You wake up to the alarm, hit the snooze button and drift back into lala-land.
As you rise to the surface of consciousness your heart twitters: today is “High Holy Day”! It is the first day of the annual Book Fair at the local university, the only opportunity for thrift books in your region. You close your eyes and smile, picturing the long tables covered with books. You review the best snatches from previous years, and rejoice at the precious ones.
Your son lets you borrow his car because yours is getting repaired. You assure your husband that this year you will be reasonable. Selective. Discriminating. You stop before you say Self-Controlled.
You go to work at the pharmacy where you are training for a new job because your life is in transition from home school mom to working woman. But they know the significance of this day and you have leave to go to lunch at 10:45.
You arrive at the gymnasium where the sale opens, at a $5 premium, for the first hour. To your dismay, you see Pastor Steele smack at the front of the line. Pastor Steele has a doctorate, loves history, is a Calvinist–any good book you’d hope to snag will be grabbed by him first. You also believe in providence, and wonder which books are predestined to go home with you. You recall with relief the conversation where he insisted he didn’t read fiction.
All chitchat ceases when the door opens. Your $5 bill is ready, your Office Depot paper box is in hand and you scope, zoom, do a little skip-trot-jog step while trying to maintain an outward picture of dispassionate serenity. You promise yourself you won’t stalk Pastor Steele trying to see what his box holds.
The first table is passed up by all ten of the book sharks. An opportunity! You plant yourself, tilt your head to read titles, throwing “worthy” books in your box as quickly as you can. There’s always time to weed later, but if you don’t get it in your box, one of those sharks will snap it up. You sneak a sidewards glance at the bookstore owner who is starting to fill his second box. That’s okay: he has a family to feed.
You start the second combing, letting your fingers flutter over the spines. You are rewarded with a few titles which previously escaped you.
For twenty minutes you work quickly and intently. Then you straighten, rub your back, take a breath and start working the room methodically. Satisfied with your catch, you pony up to the checkout table and pay your bill.
You return to work, mentally writing a blog entry whenever the internet hesitates. You authorized a $9,055.00 payment to a vendor whose invoice is $90.55. After canceling your overpayment, you go home to take an inventory and let your friends, folks fascinated by the banal detritus of your life, see the results.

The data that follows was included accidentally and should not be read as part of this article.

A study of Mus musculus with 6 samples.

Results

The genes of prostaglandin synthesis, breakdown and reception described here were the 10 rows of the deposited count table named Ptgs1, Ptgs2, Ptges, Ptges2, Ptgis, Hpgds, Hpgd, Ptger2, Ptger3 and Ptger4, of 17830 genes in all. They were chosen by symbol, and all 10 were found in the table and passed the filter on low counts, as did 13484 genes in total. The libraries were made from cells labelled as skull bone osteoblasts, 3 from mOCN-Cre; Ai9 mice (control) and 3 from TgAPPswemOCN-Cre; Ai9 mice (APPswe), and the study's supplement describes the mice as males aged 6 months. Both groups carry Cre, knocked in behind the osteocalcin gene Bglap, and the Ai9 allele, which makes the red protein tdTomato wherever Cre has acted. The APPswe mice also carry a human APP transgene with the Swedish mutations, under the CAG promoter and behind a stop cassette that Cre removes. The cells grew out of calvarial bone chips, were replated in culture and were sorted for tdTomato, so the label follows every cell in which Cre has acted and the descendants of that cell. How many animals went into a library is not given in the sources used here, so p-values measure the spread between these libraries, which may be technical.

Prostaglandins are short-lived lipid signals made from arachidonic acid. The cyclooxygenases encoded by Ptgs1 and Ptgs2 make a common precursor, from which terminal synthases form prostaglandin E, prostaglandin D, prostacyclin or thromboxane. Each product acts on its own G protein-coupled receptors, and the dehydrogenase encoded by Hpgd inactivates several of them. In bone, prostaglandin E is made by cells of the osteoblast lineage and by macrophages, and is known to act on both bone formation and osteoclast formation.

Of Men and Mountains, William O. Douglas
Facing the Congo, A Modern-Day Journey into the Heart of Darkness, Jeffrey Tayler
A Short Walk in the Hindu Kush, Eric Newby (preface by Evelyn Waugh)
Skeletons On the Zahara, A True Story of Survival, Dean King
In a Sunburned Country, Bill Bryson
A Passage to India, E. M. Forster
1.000 Places to See Before You Die, Patricia Schultz (x 2!)
Art and Music
A World of Art, Henry M. Sayre
Stomping the Blues, Albert Murray
Gift from the Sea, Anne Morrow Lindbergh
Founding Brothers, Joseph J. Ellis
Galileo’s Daughter, Dava Sobel (hardback, gift condition)
Tank versus Tank, Kenneth Macksey
Band of Brothers, Stephen E. Ambrose
German Boy, A Child in War, Wolfgang Samuel, Forw Stephen Ambrose
The Gathering of Zion, The Story of the Mormon Trail, W. Stegner
Desert Diary, Louise Van Dyke
How the Other Half Lives, Jacob A. Riis (a 1929 hardback)
Home, Witold Rybczynski
Rats, Robert Sullivan
Library, An Unquiet History, Matthew Battles
New Recipes from Moosewood Restaurant
Olives, The Life and Lore of a Noble Fruit, Mort Rosenblum
Quilts are Forever, A Patchwork of Insp. Stories, Kathy Lamancusa
Spirit of the Kitchen, Jane Alexander
Meditations for Women Who Do Too Much, Anne Wilson Schaef
I Married You, Walter Trobisch
The Oxford History of Western Philosophy, ed. Anthony Kenny
The Courage to Teach, Parker J. Palmer
A Critic’s Notebook, Irving Howe
One Hundred Years of Solitude, Gabriel Garcia Marquez
The Man in the Iron Mask, Alexandre Dumas
Brave New World, Aldous Huxley
Lord Jim, Joseph Conrad
A Farewell to Arms, Ernest Hemingway
The Sun Also Rises, Ernest Hemingway
3 By Flannery O’Connor
The Old Order, Stories of the South, Katherine Anne Porter
The Moviegoer, Walker Percy
The Bean Tree, Barbara Kingsolver
The Prince of Tides, Pat Conroy
Rascal, Sterling North
Redwall, Brian Jacques
Mossflower, Brian Jacques
Winterdance, The Fine Madness of Running the Iditarod, G. Paulsen
Heidi, Johanna Spyri, illustrated by Jessie Wilcox Smith!!
The Hershey’s Milk Chocolate Multiplication Book, Jerry Pallotta
Book, George Ella Lyon, Peter Catalanotto
I Spy Gold Challenger, A Book of Picture Riddles
Holes, Louis Sachar
A Year Down Yonder, Richard Peck
You take a deep breath and smile. You stop gloating and start looking for a place to shelve the books.